The Life’s Work of David Stute

David Stute, Hill resident and attorney. Photo: Nathaniel Liu

For the first episode of our podcast My Life’s Work, Nathaniel Liu and I talked to David Stute, whose career path veered in an unexpected direction. David’s story taught us that there is no risk in dedicating ourselves to what has meaning to us in the moment –even if it doesn’t lead to a future career. He reminded us that especially in times of uncertainty, it is important to chart our own path forward.

If you have ever attended a Chiarina concert at St. Mark’s Church, you know David Stute as the friendly greeter at the check-in desk. While David is an enthusiastic supporter of his wife Carrie’s musical career, his own career path is fascinating, particularly due to the turns it has taken.

David grew up in Detmold, Germany–a tiny town near a music conservatory–the son of a carpenter and an elementary school teacher.  Like many, David’s career path was shaped by his environment.  He envisioned his future at a young age: “The only way to get out of that town as a teenager and to try to chart a path, the only path that I could see,” he said, “was through music.” By the age of ten, he had decided to become a professional cellist.

David spent his childhood practicing, attending music festivals, and soaking up the world of classical music. He described the impact that music had on his outlook: “It completely opened my horizons for what could come after. I wasn’t confined to my hometown,” he said. “I wasn’t confined to Germany necessarily.”

While David’s passion for music brought him across the Atlantic to the Cleveland Institute of Music, his fascination with history, philosophy, and politics grew and the seed of his future career was truly planted when he decided on a second major in philosophy.  These competing interests had always been bubbling below the surface and David ultimately shifted gears from music to law, in part motivated by his realization that he would have more opportunities as a transnational lawyer than as a cellist.

David is pictured with his wife, cellist Caroline Bean Stute. Courtesy D. Stute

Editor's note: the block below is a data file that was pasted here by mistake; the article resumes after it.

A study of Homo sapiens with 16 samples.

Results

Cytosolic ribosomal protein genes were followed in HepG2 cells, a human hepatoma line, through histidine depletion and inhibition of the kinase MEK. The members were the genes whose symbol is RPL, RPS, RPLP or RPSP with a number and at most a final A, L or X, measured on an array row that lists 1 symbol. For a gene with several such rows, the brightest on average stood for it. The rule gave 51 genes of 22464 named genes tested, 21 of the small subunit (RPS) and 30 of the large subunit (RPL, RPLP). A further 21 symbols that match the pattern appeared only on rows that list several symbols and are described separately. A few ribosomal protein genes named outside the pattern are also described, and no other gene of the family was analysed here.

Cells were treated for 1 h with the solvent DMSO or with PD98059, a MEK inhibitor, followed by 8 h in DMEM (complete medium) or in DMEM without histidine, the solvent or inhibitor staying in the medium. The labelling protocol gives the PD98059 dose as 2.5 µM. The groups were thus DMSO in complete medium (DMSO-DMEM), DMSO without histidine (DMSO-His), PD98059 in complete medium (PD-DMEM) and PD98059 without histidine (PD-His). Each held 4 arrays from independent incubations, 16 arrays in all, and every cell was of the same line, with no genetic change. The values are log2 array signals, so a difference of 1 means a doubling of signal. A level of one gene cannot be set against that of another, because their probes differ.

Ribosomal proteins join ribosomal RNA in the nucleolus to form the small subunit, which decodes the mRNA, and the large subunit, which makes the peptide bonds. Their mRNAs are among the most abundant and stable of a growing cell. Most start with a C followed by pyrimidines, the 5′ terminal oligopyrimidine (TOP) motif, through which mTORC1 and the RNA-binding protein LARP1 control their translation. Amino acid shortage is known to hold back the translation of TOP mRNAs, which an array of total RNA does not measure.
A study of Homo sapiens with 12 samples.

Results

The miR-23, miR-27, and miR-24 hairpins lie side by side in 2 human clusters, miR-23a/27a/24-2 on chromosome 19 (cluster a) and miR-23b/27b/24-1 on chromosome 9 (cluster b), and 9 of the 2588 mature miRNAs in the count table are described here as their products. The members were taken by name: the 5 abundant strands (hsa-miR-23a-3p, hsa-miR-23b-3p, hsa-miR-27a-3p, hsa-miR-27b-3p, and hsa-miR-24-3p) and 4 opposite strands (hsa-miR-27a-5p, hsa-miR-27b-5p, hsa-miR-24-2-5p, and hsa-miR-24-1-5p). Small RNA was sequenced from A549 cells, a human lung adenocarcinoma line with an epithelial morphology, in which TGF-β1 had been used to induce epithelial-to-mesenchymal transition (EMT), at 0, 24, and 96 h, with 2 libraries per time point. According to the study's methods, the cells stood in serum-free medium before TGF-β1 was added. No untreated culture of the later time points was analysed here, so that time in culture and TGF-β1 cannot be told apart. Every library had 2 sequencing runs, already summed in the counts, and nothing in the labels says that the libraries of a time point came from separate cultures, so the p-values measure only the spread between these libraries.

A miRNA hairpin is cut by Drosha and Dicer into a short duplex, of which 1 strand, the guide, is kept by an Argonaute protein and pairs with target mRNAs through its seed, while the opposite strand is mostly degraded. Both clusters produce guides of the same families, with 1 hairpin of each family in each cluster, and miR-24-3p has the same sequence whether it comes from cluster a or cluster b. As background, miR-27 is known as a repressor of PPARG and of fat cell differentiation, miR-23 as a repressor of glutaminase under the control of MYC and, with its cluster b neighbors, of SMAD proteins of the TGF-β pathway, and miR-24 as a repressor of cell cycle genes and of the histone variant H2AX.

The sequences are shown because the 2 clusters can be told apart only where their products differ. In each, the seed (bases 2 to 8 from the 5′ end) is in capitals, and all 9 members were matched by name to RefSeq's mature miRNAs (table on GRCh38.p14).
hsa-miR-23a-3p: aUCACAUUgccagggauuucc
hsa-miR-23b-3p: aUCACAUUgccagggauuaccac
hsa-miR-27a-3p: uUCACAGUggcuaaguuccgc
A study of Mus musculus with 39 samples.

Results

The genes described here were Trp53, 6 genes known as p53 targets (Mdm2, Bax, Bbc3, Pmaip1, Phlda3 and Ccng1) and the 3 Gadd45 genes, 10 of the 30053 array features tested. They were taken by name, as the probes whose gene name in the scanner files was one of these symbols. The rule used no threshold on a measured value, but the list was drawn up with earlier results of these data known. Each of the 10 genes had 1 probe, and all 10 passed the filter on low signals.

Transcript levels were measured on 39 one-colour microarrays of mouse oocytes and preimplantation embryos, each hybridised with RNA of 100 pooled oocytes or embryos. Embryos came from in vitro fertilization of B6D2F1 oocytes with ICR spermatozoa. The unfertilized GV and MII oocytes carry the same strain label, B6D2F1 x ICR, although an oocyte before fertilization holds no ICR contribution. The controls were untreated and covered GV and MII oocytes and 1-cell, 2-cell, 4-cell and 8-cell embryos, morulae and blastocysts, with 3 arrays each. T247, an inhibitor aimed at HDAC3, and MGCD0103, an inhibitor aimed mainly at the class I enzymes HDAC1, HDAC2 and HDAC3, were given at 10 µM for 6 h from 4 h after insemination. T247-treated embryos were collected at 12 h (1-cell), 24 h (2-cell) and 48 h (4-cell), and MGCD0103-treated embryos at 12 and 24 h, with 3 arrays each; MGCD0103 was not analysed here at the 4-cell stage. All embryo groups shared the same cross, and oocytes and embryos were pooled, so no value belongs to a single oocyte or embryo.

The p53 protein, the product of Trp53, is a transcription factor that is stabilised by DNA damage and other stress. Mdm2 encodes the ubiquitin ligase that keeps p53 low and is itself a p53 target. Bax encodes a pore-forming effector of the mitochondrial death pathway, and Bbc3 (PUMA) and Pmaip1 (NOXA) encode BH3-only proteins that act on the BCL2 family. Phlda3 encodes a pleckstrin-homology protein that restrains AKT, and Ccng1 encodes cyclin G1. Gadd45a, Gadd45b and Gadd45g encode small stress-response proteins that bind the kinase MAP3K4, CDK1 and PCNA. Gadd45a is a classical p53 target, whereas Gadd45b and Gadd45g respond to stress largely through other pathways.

“There are three or four openings in a good year in the United States for a decent cello position,” he said.  “You compare that with thousands upon thousands of great jobs in law in a given year.” David reflected on the similarities in his seemingly disparate pursuits. “There was so much to explore in music between the repertoire and the people and the physical aspect of trying to master [the piece],” he said. “When I started philosophy and later law in college, I feel like it was in many ways a repeat of that same process just that the challenges were different.” David continues to keep music in his life, but as he said, “I felt like I really got what I could get out of that track [and] at the end of the day, I have never regretted that decision.”

After graduation, David landed on Capitol Hill during a blazing summer. His internship with Senator Sherrod Brown (D-OH) unexpectedly converted to an unpaid position and he moved to New York to work at a law firm. Always curious about new opportunities, a Craigslist search landed David at Google where his bilingual language skills enabled him to work with American and European lawyers to develop international protocols for the removal of personal, sensitive or defamatory material from the internet.

After Google, David enrolled at University of Michigan Law, and graduated with the question every young lawyer faces– what to do with a law degree?  He clerked at the DC Court of Appeals and is now working in transnational law at a private law firm. David is excited to continue delving into new aspects of the law and expects to continue in this field for the foreseeable future.

David reflected on what he finds meaningful about both music and law. “It’s really expanding what you know and pushing yourself to do whatever you are doing very well that keeps me engaged. It’s wrong to think that you just become an expert in a given area at 35 or 40 or 45 or whatever age. If you stop learning or stop wanting to learn you are probably in big trouble because as human beings, we aren’t wired for stagnation.”

To hear more of David’s story, visit The next episode featuring an interview with KK Otteson of the Washington Post will be released in late December. Nathaniel and I are excited to share her story and her life’s work with you.